Monday, 16 November 2020
Former SEACS President Patricia Bjaaland Welch had the pleasure of speaking with one of its founder members, Cheong Pak Chow, recently from his home in Canada, where he emigrated with his family in 1975 to work for the United Nations International Civil Aviation Organisation. Below are some highlights from their conversation:
It all began with an email from Mr. Cheong’s son, Peter, who introduced himself as Cheong Pak Chow’s son and informed me that his father was now resident in Canada and would be happy to share some of his memories of SEACS’ early days with the society. His father had received a copy of the society’s 50th anniversary history as a gift, and was happy to be back in touch with the society.
Although he had been born in Kuala Lumpur, he was resident in Singapore when he first became interested in ceramics. He remembered purchasing his first piece, which cost S$9 (“a huge sum for me at the time”), a Chinese vase, from a local shop that had sourced many of its artefacts in China during the Cultural Revolution. The shop owner had been instructed to “take all these things out of the country quick” and had done just that. Mr. Cheong bought many pieces from that shop back then, many of them of imperial quality. One artefact he purchased at that time later sold for for more than 10x what he had paid for it (and helped purchased his home). “If you had money at that time, there were real treasures to be had,” he told me.
Mr. Cheong described his “idea of collecting” as trying to complete a piece or two from every Chinese dynasty, starting from the Han (206 BCE-220 CE). He still has a bóshānlu (censer) in his collection, although he has passed on many other pieces from his original collection, and said he still had regrets over some pieces he had to pass up on at the time that were “very attractive but I couldn’t afford.” I assured him that all members of SEACS have been in that situation at some point themselves.
He remembers the society’s founder, William Willetts, very well, and described him as “very easy-going, wearing shorts and flip-flops around the campus everywhere but very knowledgeable.” They would often meet up in the various antique and ceramic shops in Singapore as well as SEACS meetings. He considered ‘Willie’ a friend, “an expert on ceramics and someone who had similar interests.” It was inevitable they would meet in the local antique shops, which Mr. Cheong said were many at the time (in the 1960s and 70s). “There were so many shops. I especially remember Moongate [which was located at 278 Orchard Road]. It was the best-known and the owner [K. T. Goh] was very knowledgeable. I found the best pieces there and we always talked. K.T. was a very nice person and always happy to talk and chat about his pieces, even if you didn’t buy anything.” This was a sentiment your interviewer has heard from many former members of the society who remembered Mr. Goh and the famous Moongate.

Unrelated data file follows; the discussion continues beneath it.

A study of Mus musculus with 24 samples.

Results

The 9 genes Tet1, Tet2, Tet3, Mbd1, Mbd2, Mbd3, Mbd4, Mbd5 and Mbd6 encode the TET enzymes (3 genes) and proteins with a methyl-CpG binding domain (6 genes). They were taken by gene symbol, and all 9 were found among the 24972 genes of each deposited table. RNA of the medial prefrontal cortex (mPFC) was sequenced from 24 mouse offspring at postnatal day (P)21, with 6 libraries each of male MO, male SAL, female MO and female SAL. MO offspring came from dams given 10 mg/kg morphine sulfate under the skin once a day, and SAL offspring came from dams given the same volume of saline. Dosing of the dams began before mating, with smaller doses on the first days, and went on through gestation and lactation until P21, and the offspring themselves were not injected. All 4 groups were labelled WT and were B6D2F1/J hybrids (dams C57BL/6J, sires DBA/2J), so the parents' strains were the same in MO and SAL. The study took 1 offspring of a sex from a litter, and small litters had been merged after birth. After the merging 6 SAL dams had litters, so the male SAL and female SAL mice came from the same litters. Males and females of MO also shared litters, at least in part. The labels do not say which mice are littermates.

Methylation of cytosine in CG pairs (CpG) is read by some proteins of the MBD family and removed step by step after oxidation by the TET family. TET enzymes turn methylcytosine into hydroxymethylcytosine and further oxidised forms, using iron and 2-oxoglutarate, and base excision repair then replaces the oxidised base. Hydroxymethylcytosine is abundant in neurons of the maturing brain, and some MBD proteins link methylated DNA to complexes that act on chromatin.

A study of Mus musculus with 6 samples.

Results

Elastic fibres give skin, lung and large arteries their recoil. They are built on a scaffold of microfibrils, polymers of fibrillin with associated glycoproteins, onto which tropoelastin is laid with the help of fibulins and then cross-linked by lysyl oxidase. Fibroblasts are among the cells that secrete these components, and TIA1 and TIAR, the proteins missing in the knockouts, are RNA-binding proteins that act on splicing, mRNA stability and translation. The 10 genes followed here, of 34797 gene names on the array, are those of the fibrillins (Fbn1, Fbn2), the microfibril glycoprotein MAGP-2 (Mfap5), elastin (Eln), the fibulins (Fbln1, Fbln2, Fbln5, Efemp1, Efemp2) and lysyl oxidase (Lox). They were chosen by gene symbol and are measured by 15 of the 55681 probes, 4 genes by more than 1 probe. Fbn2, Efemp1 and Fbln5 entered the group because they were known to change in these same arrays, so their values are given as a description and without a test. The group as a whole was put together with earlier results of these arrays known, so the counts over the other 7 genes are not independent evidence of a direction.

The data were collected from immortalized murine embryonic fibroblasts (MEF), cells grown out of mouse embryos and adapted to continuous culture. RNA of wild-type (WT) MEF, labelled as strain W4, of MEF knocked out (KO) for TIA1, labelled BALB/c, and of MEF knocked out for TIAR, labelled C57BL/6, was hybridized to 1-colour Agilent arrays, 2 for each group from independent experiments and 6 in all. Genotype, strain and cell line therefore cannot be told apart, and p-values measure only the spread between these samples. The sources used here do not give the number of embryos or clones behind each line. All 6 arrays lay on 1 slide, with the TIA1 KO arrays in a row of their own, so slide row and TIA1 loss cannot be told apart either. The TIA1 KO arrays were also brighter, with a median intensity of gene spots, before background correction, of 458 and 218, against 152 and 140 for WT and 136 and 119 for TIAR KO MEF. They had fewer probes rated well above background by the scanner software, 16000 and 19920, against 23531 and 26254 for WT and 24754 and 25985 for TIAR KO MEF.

When asked whether he had kept a record book of his acquisitions (a practise we encourage all our members to do), he regretted that he had not. “I had so many pieces,” he answered as an apology.
During his years with the society, Mr. Cheong served on the Council and was a contributor to the society’s White Wares Exhibition (held in 1973). He also promoted the idea that the society should translate into English some of the more useful articles published in Chinese that were inaccessible to many members. I also learned that it was through Mr. Cheong’s wife (her father was a collector with a very good collection) that Malcolm MacDonald was introduced to SEACS.
As for the infamous traders from Sumatra who came up to Singapore to sell their excavated wares on weekends, “Those were the days when we were just waiting for them to come!” He confirmed that they frequented several hotels in the Bencoolen Street area, and our members who were lucky enough to be amongst their customers, “really were able to acquire some wonderful pieces.” Readers who are interested in learning more about this early illicit trade in Chinese, Thai and Vietnamese ceramics can read all about it in our 50th anniversary volume.
Mr. Cheong Pak Chow has kindly agreed to be interviewed by the National Archives of Singapore so we can look forward to more of his memories of his years growing up in Malaysia and Singapore in the future.